To consolidate, disseminate, and gather information concerning the 710 expansion into our San Rafael neighborhood and into our surrounding neighborhoods. If you have an item that you would like posted on this blog, please e-mail the item to Peggy Drouet at pdrouet@earthlink.net

Sunday, March 31, 2013

Metro frowns on food and freeloaders


By Shi Yingying, April 1, 2013

Shanghai Metro has released plans to increase penalties for fare-dodgers and people eating on trains.

The draft of the new Shanghai Rail Traffic Regulation is open for public comment until April 30.
If approved, all food and drinks will be banned from carriages and platforms, although no details on fines were offered.

Shanghai included a "no eating" proposal in its 2009 metro regulation, but it was never adopted owing to difficulties with implementation.

Zhang Shouqian, 29, who spends an average of 40 minutes on the metro every weekday morning, said the food ban is "too cruel" for those who don't have time for breakfast.

"They could catalogue the food," he suggested. "For example, spaghetti and instant noodles 'no', but 'yes' for simple snacks," he said.

"There are vending machines on station platforms selling drinks. Get rid of them if they want the ban," he added.

Snacking commuters are a familiar sight on trains, especially during morning rush hour.

"The smell makes me feel uncomfortable and I'm scared people may drop food or spill a drink on me every time they eat breakfast next to me because it's far too crowded," said Wu Yizhong, a regular Shanghai Metro commuter.

Wuhan in Hubei province became the first mainland city to ban eating and drinking on its subway last May. Violators face a fine of 200 yuan ($32).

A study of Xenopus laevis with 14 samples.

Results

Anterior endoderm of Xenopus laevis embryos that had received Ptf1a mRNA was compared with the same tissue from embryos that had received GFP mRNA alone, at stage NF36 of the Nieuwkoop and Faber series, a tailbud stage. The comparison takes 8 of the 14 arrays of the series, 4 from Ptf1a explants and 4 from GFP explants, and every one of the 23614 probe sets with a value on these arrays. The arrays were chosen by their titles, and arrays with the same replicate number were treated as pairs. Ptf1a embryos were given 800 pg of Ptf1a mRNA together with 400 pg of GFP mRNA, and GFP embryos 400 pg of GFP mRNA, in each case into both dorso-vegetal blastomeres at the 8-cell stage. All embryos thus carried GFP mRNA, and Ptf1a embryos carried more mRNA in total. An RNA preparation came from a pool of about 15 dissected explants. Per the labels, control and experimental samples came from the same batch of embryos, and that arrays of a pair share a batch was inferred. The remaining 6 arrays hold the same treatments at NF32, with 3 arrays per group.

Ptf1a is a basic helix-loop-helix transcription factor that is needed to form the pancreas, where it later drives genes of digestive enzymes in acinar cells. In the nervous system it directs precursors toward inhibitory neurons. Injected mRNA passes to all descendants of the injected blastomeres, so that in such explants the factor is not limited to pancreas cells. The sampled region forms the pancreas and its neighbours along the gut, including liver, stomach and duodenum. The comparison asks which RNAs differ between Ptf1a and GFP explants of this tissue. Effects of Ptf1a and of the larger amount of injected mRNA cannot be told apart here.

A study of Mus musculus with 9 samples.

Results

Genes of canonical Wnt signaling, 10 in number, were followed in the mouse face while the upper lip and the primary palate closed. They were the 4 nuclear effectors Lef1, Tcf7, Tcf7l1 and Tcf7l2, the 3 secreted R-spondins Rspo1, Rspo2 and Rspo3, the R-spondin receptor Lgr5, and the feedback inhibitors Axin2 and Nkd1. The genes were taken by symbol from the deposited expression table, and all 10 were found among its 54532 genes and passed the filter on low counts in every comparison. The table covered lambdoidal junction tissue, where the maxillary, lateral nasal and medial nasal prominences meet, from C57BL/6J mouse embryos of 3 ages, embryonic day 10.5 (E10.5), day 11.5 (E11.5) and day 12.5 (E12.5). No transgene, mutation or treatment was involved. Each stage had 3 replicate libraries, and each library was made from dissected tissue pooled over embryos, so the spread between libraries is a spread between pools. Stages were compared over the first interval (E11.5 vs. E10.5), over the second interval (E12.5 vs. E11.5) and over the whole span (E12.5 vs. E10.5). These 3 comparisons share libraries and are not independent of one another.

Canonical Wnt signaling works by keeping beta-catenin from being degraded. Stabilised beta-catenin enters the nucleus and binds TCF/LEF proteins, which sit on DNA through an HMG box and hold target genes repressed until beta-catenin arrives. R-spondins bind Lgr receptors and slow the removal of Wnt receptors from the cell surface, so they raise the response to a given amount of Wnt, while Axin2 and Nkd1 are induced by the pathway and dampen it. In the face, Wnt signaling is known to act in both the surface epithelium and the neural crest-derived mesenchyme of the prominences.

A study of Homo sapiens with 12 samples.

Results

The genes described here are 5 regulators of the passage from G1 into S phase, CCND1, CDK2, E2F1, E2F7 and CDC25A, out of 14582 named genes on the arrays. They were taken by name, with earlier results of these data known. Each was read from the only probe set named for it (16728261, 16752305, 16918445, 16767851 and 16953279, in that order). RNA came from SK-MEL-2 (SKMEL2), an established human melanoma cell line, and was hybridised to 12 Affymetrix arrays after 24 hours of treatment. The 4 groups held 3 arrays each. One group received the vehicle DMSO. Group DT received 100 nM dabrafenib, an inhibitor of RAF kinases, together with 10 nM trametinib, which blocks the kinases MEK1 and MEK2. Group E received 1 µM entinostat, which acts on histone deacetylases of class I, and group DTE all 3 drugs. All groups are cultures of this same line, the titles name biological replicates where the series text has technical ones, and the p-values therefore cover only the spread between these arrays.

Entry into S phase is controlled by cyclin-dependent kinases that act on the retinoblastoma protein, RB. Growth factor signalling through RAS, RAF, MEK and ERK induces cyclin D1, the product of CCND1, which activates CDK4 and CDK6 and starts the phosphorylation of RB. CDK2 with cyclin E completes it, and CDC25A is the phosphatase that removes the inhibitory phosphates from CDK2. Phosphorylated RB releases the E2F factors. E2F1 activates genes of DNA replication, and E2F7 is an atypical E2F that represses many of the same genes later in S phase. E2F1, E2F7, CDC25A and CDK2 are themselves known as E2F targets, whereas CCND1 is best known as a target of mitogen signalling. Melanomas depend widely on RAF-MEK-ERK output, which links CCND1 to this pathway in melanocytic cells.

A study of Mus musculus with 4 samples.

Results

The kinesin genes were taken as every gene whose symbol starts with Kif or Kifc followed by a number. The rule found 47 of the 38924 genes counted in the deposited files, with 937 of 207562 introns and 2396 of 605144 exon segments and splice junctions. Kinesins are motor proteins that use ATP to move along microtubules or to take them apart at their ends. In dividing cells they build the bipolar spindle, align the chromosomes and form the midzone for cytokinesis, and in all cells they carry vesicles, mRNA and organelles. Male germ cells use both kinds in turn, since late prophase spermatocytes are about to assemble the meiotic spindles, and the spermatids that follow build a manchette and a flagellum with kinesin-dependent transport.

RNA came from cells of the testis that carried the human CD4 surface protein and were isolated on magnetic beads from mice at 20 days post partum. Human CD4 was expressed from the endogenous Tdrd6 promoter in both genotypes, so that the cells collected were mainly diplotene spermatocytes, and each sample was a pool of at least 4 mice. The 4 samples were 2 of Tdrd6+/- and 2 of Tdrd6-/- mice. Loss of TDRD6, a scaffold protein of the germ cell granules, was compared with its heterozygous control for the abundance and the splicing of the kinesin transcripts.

The metro assigned 222 staff members to enforce the regulation.

Meanwhile, the proposed Shanghai Metro regulation states fare-dodgers will be fined between five and 10 times the price of the ticket. The harshest fine at the moment, according to the metro authority, is 55 yuan.

"The maximum fine is five times the most expensive fare in Shanghai, which is 11 yuan," said Lan Tian, a spokesman for Shanghai Metro's operation management center.

The subway authority will also have the right to hand turnstile jumpers over to police, according to the draft.

Bao Chenglin, deputy director of Xujiahui Station of the Shanghai urban rail and bus police, said each station has a police officer in case of disputes between freeloaders and staff.

The draft regulation also reports violations to the city's upcoming credit-rating database system in serious cases.

Zhou Guoxiong, a Shanghai legislator and Party chief of the city's economy and information commission, said violators are likely to find their credit damaged in future, making it harder to get a loan.

He said the database has been in the making for three years and the official launch is expected in June.

Shanghai Morning Post reported that people riding free cost the metro system about 10 million yuan a year.

An estimated 0.16 percent of the 6 million daily passengers never pay for tickets, while the percentage of freeloaders in Shanghai's large metro stations such as People's Square and Xujiahui reaches 2 to 3 percent, the newspaper reported.

Skateboarding, roller-skating and bicycles (including folding bikes) are also banned in the draft.